The UK National Security and Investment Act 2021 ('the Act') took full effect on 4 January. This is Part 2 of a three-part series on the key questions and issues deal-makers (both in and beyond the UK) need to be aware of. Part 1 covers the mandatory notification regime. This Part 2 deals with the Government's proactive call-in power. Part 3 sets out the consequences that can apply under the Act and the key risk factors for a deal, as well as the application of the Act to non-UK transactions.

What deals can the Government call in for review?

While the Act primarily creates risk for notifiable acquisitions, it also empowers the Government to issue a call-in notice to review (and potentially unwind) other deals about which it has national security concerns. This power can be used where a "trigger event" takes place in relation to a qualifying entity (as defined above) or a "qualifying asset", and the Government thinks the deal could create a national security risk.

In relation to entities, a trigger event occurs where a person gains either control (as defined above) or "material influence" over the target's "policy". The latter is akin to the test used in UK merger control, and the Government's guidance on the Act expressly cross-refers to the CMA's guidance on material influence. At its most basic, this threshold creates the possibility that investors without sufficient veto rights to give them "control" could still secure material influence through vetoes over key matters such as budgets, business plans and/or board appointments. In that case the deal would not have to be notified, but could be called in by the Government after the event.

That power can be used in respect of assets where a person acquires a right or interest in, or in relation to, a "qualifying asset" that makes them able to use the asset or direct or control how it is used (or do so to a greater extent). There is, again, no minimum turnover or deal value threshold.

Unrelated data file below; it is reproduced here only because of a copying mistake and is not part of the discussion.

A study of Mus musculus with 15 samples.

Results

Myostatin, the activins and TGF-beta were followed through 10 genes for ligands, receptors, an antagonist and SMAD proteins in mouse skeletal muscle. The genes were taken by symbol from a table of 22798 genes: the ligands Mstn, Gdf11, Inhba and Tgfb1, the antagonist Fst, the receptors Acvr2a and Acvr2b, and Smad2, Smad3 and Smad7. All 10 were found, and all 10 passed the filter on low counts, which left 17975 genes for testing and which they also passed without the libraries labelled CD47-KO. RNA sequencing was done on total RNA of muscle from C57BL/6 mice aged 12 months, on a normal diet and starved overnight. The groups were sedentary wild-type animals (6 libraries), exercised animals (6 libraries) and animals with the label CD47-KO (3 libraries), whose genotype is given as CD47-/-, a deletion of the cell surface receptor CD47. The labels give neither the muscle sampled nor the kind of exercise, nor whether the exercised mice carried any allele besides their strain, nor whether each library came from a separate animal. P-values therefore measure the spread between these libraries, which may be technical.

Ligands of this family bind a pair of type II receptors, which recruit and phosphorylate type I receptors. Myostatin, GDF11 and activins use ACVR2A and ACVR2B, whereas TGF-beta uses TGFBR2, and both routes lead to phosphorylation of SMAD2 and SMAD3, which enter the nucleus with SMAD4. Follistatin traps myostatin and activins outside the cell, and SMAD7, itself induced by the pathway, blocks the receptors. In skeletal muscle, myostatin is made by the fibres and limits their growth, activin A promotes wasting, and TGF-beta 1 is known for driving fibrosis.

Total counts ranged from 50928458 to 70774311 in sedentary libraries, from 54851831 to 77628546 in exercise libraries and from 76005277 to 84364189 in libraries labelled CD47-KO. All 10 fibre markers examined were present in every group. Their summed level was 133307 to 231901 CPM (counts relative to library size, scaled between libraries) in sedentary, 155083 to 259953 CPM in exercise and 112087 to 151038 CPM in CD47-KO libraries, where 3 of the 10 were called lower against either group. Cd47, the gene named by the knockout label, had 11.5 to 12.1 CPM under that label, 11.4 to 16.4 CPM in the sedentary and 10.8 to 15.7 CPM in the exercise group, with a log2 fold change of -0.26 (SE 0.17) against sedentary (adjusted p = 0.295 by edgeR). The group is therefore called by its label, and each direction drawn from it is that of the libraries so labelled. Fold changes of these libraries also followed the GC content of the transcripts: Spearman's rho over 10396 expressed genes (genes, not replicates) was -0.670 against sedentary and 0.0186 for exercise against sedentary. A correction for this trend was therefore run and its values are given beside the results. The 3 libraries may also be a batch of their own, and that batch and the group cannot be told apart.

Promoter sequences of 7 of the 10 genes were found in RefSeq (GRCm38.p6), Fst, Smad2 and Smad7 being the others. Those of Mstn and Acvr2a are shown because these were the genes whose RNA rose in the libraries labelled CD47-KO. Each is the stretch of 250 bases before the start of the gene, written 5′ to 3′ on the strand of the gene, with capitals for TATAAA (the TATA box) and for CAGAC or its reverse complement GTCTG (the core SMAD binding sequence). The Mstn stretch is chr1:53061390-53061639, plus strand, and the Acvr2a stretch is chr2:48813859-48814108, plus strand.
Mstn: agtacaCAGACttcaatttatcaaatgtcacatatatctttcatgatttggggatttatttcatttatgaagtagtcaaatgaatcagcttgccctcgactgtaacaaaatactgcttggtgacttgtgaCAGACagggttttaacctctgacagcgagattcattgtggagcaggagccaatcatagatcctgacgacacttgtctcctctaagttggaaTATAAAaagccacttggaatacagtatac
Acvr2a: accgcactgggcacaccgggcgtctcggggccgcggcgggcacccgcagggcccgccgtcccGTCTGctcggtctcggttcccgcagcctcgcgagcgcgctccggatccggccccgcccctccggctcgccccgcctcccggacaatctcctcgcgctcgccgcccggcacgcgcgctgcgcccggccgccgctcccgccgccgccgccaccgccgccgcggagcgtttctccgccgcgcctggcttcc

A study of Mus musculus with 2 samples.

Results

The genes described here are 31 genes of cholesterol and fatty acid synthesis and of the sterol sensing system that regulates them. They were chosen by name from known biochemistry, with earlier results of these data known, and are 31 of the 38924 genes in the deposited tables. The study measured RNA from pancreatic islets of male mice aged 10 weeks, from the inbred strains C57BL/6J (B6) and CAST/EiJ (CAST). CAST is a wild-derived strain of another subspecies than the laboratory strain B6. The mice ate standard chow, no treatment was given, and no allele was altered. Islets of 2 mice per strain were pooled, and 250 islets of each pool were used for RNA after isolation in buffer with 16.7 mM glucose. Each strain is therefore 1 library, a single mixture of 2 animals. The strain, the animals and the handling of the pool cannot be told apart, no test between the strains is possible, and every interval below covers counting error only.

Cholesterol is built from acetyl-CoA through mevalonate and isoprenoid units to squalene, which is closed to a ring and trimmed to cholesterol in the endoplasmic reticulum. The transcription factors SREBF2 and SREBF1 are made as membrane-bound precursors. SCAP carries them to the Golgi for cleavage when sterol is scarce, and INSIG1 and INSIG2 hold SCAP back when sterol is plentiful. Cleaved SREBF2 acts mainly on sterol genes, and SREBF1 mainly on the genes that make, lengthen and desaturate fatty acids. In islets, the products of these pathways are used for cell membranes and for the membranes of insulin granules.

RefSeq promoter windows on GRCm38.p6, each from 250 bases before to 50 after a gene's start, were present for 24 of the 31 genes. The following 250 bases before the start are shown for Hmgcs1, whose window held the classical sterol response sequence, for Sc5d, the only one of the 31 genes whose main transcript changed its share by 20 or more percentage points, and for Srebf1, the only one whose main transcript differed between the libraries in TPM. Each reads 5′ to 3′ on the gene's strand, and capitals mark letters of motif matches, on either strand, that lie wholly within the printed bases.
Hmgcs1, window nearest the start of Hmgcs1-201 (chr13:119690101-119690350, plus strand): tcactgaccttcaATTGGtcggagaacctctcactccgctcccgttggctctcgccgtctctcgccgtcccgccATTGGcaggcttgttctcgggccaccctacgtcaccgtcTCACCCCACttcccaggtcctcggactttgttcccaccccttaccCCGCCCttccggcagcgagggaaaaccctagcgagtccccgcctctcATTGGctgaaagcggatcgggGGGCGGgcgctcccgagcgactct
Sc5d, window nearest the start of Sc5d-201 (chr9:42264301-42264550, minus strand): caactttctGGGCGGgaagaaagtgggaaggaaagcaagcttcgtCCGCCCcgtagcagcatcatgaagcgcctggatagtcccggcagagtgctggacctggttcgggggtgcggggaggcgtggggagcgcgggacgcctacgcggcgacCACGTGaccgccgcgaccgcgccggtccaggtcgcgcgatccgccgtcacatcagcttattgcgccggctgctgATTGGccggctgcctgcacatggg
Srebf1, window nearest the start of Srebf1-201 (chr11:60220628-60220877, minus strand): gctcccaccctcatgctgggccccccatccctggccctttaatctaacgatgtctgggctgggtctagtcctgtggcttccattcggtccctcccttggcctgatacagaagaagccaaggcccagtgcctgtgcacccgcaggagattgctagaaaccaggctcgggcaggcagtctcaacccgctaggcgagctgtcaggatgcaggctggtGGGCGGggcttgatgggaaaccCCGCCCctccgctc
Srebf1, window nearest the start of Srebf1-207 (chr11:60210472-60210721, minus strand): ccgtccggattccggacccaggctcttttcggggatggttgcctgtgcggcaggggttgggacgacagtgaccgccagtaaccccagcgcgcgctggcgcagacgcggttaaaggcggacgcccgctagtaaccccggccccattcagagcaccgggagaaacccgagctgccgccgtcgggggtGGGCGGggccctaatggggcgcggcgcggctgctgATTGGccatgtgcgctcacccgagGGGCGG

"Qualifying asset" is defined very broadly, to cover land, corporeal moveable property and “ideas, information or techniques which have industrial, commercial or other economic value” (the Act gives the examples of trade secrets; databases; source code; algorithms; formulae; designs; plans, drawings and specifications; and software). The asset must be either within the UK or its territorial sea (in the case of land or corporeal property), or otherwise used in connection with activities carried on in the UK or the supply of goods and services to persons in the UK. For more on the application of the Act to assets, and particularly IP, see our post on its impact on IP and confidential information and our related webinar.

What timings apply to the call-in power?

The call-in power can be invoked within six months of the Government becoming aware of the relevant acquisition, subject to a 'backstop' of five years from the acquisition date (though the power will never expire in relation to deals that should have been notified under the mandatory regime).

While the power could only be exercised from 4 January onwards, it can be used in respect of deals that completed on or after 12 November 2020. In that case the six-month and five-year periods each run from 4 January.

The threshold for the Government being "aware" of the deal will need to be established – it is not yet clear whether that will be assessed objectively (e.g. if a deal receives sufficient press coverage then the Government will be deemed to be aware of it) or will require proof of actual awareness. If the latter then the ISU may find itself inundated by emails flagging deals to ensure they benefit from the shorter six-month period. Again, data on the ISU's activities in this initial period will be keenly awaited.

These lengthy risk periods can in any event be avoided by voluntarily notifying the transaction (before or after completion) to the ISU. That process follows the same timings as set out in Part 1 in relation to a mandatory notification: i.e. 30 working days (after the notice is accepted) for the initial screening, and if the deal is called in 30 to 75 working days for the more detailed review.